Before I continue; this is not a CrossFit hate blog (as I am a member of a fantastic CrossFit gym) but my observation from training and working with clients.

Last month I decided to join a local CrossFit gym. It was something I had wanted to do for a while to build up some strength, learn to do more than just one pull up and meet new people in my local area.

I’ve heard many times people say something along the lines of ‘ooooh don’t do Crossfit as you get injured’ and after becoming a member I realised that the training itself doesn’t cause injuries.

It can’t otherwise so many people wouldn’t do it.

What I understood quite quickly was that it is those day today tissue restrictions, such as sitting on your bum for months that are the factors that can lead to injuries when we increase our training intensity rapidly. The type of training is irrelevant.

If we add too much weight and crank up the intensity too quickly on a body that cannot support it from being sedentary and taking an vacation from exercise, injuries will occur.

It wouldn’t be that single push up or squat that caused the pain, but years of tightness and restriction not allowing the body to move in its natural position.

You are accountable for your body and how you train it. The pressure you put on your body is down to you.

With classes such as CrossFit that has a competitive element you always need to ask yourself whether going that bit faster is going to hinder or help your body in the long run if your good technique is starting to fade.

Here are three tips that can help you prevent injuries in CrossFit depending on whats going on with your body.

Couch potato to Cross Fit

Massage to improve postureI was at a conference last week and a presenter said that ‘sitting is like wearing a plaster cast on your ass’ which I thought was a great analogy!

If you have been a couch potato for a while, chances are your core structure isn’t working optimally to support your frame.

Then by adding weights to your frame puts more pressure on other structures such as your lower back and knees.


Tip: Add some core training into your week, whether it is Pilates, or a class that trains your core functionally (rather than a class full of ab crunches) as you need to get your core moving.


Rounded shoulders and push ups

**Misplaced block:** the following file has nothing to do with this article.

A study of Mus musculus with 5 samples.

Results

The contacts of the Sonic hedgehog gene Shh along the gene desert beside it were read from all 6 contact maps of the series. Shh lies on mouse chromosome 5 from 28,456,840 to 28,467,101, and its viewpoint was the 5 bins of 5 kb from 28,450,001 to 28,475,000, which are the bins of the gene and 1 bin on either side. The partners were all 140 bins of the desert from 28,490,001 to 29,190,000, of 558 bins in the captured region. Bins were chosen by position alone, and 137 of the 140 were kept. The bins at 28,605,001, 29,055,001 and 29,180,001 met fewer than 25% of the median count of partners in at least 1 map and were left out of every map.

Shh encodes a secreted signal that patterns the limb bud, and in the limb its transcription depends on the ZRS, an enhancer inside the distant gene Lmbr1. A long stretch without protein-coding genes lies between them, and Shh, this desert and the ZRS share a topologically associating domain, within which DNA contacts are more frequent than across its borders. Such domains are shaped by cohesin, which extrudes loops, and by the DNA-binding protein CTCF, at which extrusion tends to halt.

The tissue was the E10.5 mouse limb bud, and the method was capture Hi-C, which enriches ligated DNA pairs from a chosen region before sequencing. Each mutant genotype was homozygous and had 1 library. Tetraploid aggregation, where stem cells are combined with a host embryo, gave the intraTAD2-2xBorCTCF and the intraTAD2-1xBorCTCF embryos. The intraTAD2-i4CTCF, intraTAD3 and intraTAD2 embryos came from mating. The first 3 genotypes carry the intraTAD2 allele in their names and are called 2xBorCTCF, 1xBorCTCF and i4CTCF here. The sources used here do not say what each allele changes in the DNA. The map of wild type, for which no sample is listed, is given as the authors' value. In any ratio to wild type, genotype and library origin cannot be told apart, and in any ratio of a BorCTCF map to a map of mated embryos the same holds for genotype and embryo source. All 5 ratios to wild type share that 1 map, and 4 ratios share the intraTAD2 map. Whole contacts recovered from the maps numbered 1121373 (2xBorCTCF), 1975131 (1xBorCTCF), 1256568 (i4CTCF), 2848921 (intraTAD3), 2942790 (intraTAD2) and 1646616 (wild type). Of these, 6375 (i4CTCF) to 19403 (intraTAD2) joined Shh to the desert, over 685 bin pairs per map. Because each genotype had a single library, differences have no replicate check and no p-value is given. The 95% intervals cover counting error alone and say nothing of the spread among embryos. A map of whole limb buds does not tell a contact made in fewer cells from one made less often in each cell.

shoulder injury from crossfit

Spending at least 8 hours a day at a computer following by reading, eating and washing up can cause the tissues in the chest muscles to become more restricted, rounding the shoulders.

This can shorten the gap where the rotator cuff muscle sits between the shoulder blade and the humerus. Add an overhead press and push ups for time into the mix (and a dysfunctional core if you have been sat on your bum a lot) and this increases the force applied to the front of the shoulder muscles resulting in tissue damage.


Tip: Keep your chest muscles moving more freely with some self massage, relaxed stretching and add some resistance band pull exercises for for the middle trapezius, lower trapezius and rhomboids.


Your butt sticks out when you lift

This is where your pelvis is tipped forwards creating a shortening on the tissues in the lower back and sometimes a tightening of the deep hip rotation muscles. The pelvic floor muscles (which should be as your base) are off centre reducing the pelvic floor function.

By adding extra weight in this position places more pressure on the lower back muscles as they end up working harder for your abdominals and pelvic floor muscles.


Tip: Use a massage ball into your glutes, ensure you can get good range of movement in your pelvis so you move away from that ‘duck posture’ as some of my clients like to call it.





Like any type of training, mixing your training with restorative work will see greater benefits in terms of your performance and longevity.

Therapies such as sports massage are a great preventative of this, and if you are already feeling a few niggles, please get in touch by commenting below or via our contact us page.